President Barack Obama, joined by Republican and Democratic lawmakers, signs the bipartisan tax package that extends tax cuts for families at all income levels, during a signing ceremony at the Eisenhower Executive Office Building in the White House complex, Friday, Dec. 17, 2010, in Washington. Aimed at helping to stabilize the recovering economy, the bill keeps in place tax cuts instituted by President George W. Bush for another two years. (AP Photo/J. Scott Applewhite)
WASHINGTON (AP) — Vice President Joe Biden defended the Obama administration for its willingness to extend tax cuts for top earners, despite earlier promises that he and the president would fight against the Bush-era policy.
“We got to the end, we couldn’t get it done, and we had to make a decision,” Biden said about President Barack Obama’s compromise with Republicans to allow tax cuts across the income scale to continue.
The vice president told NBC’s “Meet The Press” in an interview broadcast Sunday that he and Obama still believe tax cuts for the wealthiest are “morally troubling” and that they would fight to avoid renewing the cuts when they expire in 2012.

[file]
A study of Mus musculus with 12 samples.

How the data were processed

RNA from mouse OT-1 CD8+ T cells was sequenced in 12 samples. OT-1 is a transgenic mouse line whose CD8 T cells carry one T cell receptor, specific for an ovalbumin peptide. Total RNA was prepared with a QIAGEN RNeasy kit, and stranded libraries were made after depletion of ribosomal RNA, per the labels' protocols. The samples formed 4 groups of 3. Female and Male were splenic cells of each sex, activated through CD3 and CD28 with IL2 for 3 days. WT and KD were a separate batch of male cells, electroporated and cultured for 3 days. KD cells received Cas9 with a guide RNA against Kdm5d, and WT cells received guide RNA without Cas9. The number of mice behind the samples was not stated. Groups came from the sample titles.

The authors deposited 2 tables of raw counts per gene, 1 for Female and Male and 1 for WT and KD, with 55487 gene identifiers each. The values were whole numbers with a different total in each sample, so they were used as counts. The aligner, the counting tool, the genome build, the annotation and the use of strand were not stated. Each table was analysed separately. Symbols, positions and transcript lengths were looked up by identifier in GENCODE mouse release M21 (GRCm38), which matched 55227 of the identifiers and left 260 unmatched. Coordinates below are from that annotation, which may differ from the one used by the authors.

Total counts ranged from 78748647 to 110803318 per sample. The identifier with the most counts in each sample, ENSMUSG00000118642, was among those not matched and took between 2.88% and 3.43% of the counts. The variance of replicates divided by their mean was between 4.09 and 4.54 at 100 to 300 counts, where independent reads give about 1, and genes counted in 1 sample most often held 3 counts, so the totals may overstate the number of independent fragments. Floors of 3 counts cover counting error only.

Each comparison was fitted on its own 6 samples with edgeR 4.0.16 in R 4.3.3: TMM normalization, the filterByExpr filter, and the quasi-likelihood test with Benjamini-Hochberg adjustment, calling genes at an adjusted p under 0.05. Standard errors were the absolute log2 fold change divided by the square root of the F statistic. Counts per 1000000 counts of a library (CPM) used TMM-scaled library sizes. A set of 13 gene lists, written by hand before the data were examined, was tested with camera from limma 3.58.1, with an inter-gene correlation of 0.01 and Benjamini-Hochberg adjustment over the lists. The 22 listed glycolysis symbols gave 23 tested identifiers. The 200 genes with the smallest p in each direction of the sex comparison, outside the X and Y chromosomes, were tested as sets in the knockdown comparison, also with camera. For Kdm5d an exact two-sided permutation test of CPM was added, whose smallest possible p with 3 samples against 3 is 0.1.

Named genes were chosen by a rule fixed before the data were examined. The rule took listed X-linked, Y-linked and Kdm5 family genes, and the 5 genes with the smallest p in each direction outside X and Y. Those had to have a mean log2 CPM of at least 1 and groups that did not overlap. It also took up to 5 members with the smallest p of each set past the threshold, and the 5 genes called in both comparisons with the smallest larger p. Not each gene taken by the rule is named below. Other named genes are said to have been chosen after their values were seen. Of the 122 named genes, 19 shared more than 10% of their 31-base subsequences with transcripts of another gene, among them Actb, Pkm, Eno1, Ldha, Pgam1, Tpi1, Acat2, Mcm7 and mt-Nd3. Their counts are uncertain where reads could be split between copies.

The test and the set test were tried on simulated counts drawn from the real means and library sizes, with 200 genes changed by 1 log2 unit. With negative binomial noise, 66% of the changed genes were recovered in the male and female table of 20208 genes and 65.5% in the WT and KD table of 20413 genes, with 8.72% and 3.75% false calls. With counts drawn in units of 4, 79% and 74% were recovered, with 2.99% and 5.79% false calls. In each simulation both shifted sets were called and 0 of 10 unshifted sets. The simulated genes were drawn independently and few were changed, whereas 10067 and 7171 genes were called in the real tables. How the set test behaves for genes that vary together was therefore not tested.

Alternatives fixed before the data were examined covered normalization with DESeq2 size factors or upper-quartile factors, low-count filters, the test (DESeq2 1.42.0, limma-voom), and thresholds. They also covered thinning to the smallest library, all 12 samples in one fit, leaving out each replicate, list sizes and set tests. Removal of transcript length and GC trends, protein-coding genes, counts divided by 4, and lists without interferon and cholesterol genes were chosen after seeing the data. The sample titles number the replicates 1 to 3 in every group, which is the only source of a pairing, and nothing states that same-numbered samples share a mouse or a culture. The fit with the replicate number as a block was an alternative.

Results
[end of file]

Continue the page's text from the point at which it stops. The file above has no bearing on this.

“The one target for us in two years is no longer extending the upper income tax credit for millionaires and billionaires,” Biden said.
Since his campaign for president in 2008, Obama has said income tax rates should rise for single taxpayers with gross incomes over $200,000 and married couples with incomes over $250,000. His first budget, submitted a year ago, included plans for those tax increases.
With the economy still struggling, Biden said the tax-cut extensions will provide certainty to the public and to businesses, and the administration hopes they will spur hiring and growth. A more robust economy, Biden said, would allow the president to make a stronger case for eliminating the cuts for the wealthy.
“We will be able to make the case much more clearly that spending $700 billion over 10 years to extend tax cuts for people whose income averages well over a million dollars does not make sense,” Biden said.
Obama’s compromise with Republican leaders won him rare bipartisan support, but angered many liberal Democrats. The agreement also offers 13 months of extended benefits to the unemployed and attempts to stimulate the economy with a Social Security payroll tax cut for all workers.